As a payroll tax deferral ordered by United States President Donald Trump took effect, a Facebook user’s warning went viral:
Trump first announced the tax delay in a presidential memorandum on August 8 2020, claiming that the move was necessary to benefit Americans financially amid the COVID-19 pandemic.
The tax deferral took effect on September 1 2020 and is slated to last until December 31 2020. The payroll tax itself normally provides funding for Social Security. According to the Social Security Administration (SSA):
Employers and employees each pay 6.2 percent of wages up to the taxable maximum of $137,700 (in 2020), while the self-employed pay 12.4 percent.
In 2019, $944.5 billion (89 percent) of total Old-Age and Survivors Insurance and Disability Insurance income came from payroll taxes.
Trump himself has made differing statements regarding his long-plans for the payroll tax. On August 12 2020, he said, “After I hopefully get elected, we’ll be terminating the payroll tax.”
One day later, though, he said:
When we win the election — when I win the election, I’m going to completely and totally forgive all deferred payroll taxes without in any way, shape or form hurting Social Security. That money is going to come from the General Fund [of the U.S. Treasury]. We’re not going to touch Social Security. I said from day one that we’re going to protect Social Security, and we’re going to protect our people. And Social Security is one of the things that will be protected.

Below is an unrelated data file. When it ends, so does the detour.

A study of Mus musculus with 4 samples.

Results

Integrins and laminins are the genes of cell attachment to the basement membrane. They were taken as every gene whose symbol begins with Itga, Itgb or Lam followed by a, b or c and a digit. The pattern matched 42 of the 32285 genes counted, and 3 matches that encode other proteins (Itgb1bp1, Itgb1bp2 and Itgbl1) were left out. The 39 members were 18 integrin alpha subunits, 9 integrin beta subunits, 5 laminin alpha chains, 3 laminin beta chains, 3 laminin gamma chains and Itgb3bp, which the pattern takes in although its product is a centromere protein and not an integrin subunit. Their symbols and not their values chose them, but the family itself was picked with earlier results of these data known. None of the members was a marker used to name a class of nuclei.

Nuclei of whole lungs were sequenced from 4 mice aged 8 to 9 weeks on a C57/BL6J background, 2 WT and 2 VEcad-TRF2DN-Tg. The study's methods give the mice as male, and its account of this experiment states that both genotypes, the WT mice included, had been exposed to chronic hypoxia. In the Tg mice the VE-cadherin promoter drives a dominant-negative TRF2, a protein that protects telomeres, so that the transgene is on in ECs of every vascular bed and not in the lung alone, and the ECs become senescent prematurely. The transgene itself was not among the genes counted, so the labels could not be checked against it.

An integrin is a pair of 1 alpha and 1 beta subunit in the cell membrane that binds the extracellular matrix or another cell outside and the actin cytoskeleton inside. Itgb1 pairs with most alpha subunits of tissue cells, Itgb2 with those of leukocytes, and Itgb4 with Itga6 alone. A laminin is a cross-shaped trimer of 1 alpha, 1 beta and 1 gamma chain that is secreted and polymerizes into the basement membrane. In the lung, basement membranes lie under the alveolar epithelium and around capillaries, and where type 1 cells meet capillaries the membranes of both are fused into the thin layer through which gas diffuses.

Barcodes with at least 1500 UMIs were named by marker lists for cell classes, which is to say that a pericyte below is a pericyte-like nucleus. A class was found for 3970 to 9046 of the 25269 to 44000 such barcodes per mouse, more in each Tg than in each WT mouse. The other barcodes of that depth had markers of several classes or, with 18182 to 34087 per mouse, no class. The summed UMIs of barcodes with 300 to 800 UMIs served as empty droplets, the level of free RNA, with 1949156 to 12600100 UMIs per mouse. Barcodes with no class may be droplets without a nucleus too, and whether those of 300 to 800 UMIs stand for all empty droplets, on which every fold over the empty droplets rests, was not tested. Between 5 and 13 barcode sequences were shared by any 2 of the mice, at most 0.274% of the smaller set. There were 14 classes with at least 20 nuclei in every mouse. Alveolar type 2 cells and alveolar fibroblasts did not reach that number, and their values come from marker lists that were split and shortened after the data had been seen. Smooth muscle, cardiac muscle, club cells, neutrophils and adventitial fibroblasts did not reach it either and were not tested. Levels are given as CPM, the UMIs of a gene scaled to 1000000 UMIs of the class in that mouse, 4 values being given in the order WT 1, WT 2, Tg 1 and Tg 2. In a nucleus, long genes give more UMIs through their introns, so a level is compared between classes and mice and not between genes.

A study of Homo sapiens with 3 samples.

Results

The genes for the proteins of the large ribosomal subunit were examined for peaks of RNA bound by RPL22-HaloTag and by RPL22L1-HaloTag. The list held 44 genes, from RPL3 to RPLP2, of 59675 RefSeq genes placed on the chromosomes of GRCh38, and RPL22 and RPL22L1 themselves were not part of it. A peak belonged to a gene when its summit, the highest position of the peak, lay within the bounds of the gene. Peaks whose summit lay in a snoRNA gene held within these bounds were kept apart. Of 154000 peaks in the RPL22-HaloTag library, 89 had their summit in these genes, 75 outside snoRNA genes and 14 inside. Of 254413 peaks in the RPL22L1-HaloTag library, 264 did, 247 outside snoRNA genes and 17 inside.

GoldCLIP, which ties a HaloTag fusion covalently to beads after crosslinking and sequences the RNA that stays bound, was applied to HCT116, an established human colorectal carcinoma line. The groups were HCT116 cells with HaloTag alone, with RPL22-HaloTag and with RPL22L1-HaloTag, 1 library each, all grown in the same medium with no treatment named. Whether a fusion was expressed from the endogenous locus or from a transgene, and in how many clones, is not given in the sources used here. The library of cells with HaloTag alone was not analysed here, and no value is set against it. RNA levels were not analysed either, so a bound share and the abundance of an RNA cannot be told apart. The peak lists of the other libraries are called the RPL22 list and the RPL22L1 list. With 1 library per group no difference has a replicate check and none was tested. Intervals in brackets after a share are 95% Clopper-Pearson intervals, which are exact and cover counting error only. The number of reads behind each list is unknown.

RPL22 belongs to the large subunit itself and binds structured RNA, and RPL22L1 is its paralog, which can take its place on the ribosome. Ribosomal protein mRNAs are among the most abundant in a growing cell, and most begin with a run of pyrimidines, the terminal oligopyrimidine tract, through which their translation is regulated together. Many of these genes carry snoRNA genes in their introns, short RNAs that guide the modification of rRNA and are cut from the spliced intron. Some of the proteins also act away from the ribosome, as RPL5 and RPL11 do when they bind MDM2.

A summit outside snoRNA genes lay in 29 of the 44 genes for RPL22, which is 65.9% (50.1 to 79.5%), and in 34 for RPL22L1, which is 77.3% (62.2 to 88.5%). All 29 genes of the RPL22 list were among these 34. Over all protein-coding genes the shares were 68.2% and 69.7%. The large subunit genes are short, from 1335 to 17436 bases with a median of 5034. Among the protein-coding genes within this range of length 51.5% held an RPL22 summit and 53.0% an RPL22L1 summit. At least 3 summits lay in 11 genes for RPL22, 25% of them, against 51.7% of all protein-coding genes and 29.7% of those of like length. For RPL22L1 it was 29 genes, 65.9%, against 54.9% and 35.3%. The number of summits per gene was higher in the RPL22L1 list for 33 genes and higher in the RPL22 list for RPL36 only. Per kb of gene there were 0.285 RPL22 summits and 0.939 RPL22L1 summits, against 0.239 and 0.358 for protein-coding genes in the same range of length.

Using the general fund to make up a payroll tax shortfall, though, would require federal legislation. An analysis by SSA chief actuary Stephen Goss provided at the request four Democratic Party lawmakers in August 2020 found that without a way to supplement deferred payroll taxes, reserves for the Disability Insurance Trust Fund (which covers benefit payments for eligible workers) “would become permanently depleted in about the middle of calendar year 2021, with no ability to pay DI benefits thereafter.” Goss wrote that the same would happen to the Social Security trust fund reserves “by the middle of calendar year 2023.”
However, Goss wrote that if a law were passed allowing for transfers from the General Fund to cover a payroll tax reduction, then “the projected depletion date of the trust fund reserves would be essentially unaffected by the legislation.” According to a 2020 trustee report, the disability trust fund is projected to be able to pay benefits in full until 2065.
“At that time, the fund’s reserves will become depleted and continuing tax income will be sufficient to pay 92 percent of scheduled benefits,” the agency’s report stated.
The agency also projected that the Social Security trust fund (or the Old-Age and Survivors Insurance Trust Fund, as it is more formally known) would be able to pay benefits in full until until 2034, after which tax income would be enough to pay 76 percent of regular benefits.
Goss noted in his analysis in December 2010, Congress approved a two-year reduction in the payroll tax covering 2011 and 2012; during that time workers’ contributions were cut from 6.2 percent of their earnings to 4.2 percent.
The 2020 tax deferral applies to workers who make less than $2,000 a week before taxes are deducted, but private employers are not required to follow the president’s directive. CNet reported, however, that the Internal Revenue Service had advised employers that if took part in the deferral in 2020, they would be required to recoup that tax revenue by placing additional deductions on workers’ paychecks between January 1 2021 and April 30 2021.
But Trump’s order has been called “unworkable” by the private sector; as the Washington Post reported, the U.S. Chamber of Commerce and around thirty trade groups in several industries said in a letter that many employers “will likely decline to implement deferral, choosing instead to continue to withhold and remit to the government the payroll taxes required by law.”